Prison Ministry

Welcome to the challenge of Prison Ministry.

Prison Ministry at the Shrine grew out of a Just Matters Study Module, produced by Just Faith Ministries. These study modules present numerous social justice issues, in this case, prison Ministry and takes one through the demographics of prison inmates, social and economic causes of incarceration, recidivism rates, etc., and facilitates a pastoral response after each module is studied.

Catholic Services at South Bay House of Correction facilitates fifteen Liturgy of the Word with distribution of Holy Communion services and/or Mass on Sundays and High Holy Days, in two shifts: 8-11:30 a.m. and 12:30-2:30 p.m. We seek volunteers with collegiate education and experience in the fields of Roman Catholic Parish Ministry, Pastoral Studies and Theology.

Additionally, our volunteers are experienced – or in the process of becoming – Extraordinary Ministers of Holy Communion and Lectors. Prospective volunteers are members in good standing with their local parish, and can serve twice a month on Sundays through a one-year commitment or more if desired.

Our shared ministry is firmly rooted in Matthew 25.31-41 and pastorally guided by John 7:21-23.  We invite those interested in volunteering or discerning a calling in prison ministry to first visit and experience our shared ministry.  Thereafter, by expressing their interest by completing in detail a volunteer application package, which can be obtained from Br. Alan Blevins, the Catholic Chaplain at the House of Corrections.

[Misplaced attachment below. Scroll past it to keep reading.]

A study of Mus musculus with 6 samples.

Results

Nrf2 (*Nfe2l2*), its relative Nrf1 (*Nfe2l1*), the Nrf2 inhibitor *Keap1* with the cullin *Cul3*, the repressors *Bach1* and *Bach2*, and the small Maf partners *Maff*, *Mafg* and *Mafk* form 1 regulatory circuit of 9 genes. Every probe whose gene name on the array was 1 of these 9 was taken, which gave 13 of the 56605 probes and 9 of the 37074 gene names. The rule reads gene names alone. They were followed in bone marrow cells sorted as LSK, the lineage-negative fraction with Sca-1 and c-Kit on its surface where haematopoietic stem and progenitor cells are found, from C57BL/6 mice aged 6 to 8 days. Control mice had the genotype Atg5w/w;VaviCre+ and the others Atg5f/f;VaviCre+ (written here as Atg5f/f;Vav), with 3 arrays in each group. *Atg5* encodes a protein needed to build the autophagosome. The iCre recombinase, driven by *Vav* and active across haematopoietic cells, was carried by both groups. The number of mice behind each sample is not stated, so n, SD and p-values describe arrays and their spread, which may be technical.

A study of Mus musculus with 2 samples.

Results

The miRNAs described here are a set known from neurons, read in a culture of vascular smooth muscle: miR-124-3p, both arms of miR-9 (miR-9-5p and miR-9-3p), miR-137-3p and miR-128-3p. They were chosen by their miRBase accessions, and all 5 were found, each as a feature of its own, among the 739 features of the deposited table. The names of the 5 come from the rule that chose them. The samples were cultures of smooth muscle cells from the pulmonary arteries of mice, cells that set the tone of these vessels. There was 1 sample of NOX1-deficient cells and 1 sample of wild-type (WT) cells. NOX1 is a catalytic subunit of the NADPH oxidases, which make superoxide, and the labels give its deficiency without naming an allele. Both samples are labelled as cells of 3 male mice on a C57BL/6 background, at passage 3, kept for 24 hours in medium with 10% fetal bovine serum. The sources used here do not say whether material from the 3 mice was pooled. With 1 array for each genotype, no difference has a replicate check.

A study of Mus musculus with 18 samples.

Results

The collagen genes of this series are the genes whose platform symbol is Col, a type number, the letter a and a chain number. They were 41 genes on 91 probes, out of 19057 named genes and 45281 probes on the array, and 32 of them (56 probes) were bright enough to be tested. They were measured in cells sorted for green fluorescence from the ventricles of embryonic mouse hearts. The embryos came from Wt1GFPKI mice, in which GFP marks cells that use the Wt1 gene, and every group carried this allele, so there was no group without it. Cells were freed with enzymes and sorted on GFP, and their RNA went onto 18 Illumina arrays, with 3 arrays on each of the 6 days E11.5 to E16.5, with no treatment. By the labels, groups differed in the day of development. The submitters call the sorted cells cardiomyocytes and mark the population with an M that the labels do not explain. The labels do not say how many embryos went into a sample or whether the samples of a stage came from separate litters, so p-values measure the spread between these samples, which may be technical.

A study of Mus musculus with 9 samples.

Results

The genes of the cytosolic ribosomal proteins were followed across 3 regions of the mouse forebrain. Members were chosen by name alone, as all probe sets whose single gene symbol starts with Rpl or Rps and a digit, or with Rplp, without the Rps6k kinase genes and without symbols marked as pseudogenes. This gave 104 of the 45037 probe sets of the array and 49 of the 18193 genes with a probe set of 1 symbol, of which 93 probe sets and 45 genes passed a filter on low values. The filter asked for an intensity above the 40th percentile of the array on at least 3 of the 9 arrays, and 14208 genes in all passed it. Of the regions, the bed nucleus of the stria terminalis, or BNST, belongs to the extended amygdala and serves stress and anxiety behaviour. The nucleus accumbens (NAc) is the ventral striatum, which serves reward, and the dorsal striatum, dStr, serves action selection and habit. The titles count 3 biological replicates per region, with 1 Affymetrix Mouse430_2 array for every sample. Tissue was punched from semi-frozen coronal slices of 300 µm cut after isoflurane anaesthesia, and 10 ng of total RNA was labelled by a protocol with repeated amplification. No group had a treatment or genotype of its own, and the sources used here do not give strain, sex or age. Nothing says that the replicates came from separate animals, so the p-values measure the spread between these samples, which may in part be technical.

Prospective volunteers will need to complete:

1) A Volunteer Application Package with a clear copy (front and back) of their driver’s license, identification and/or passport,
2) Successfully pass a Criminal Offender Record Information (CORI) check and Background Investigation, and
3) Attend a Volunteer Orientation.

Most of the people at South Bay House of Corrections are there because of Drug and Alcohol abuse, Domestic Violence and Immigration issues guided by ICE ( Immigration and Customs Enforcement).

Unfortunately, many of these inmates are deported back to their country of origin even though they have been in the US for most of their lives, are raising families and have not engaged in criminal behavior. Many do not speak their native language. This act of deportation is inhumane and unjust according to the Social Teachings of the Catholic Community.

If you are interested in this challenging ministry, please contact Fr. Gene Pistacchio, ofm @ 617.542.6440 x121.

May God guide your discernment process.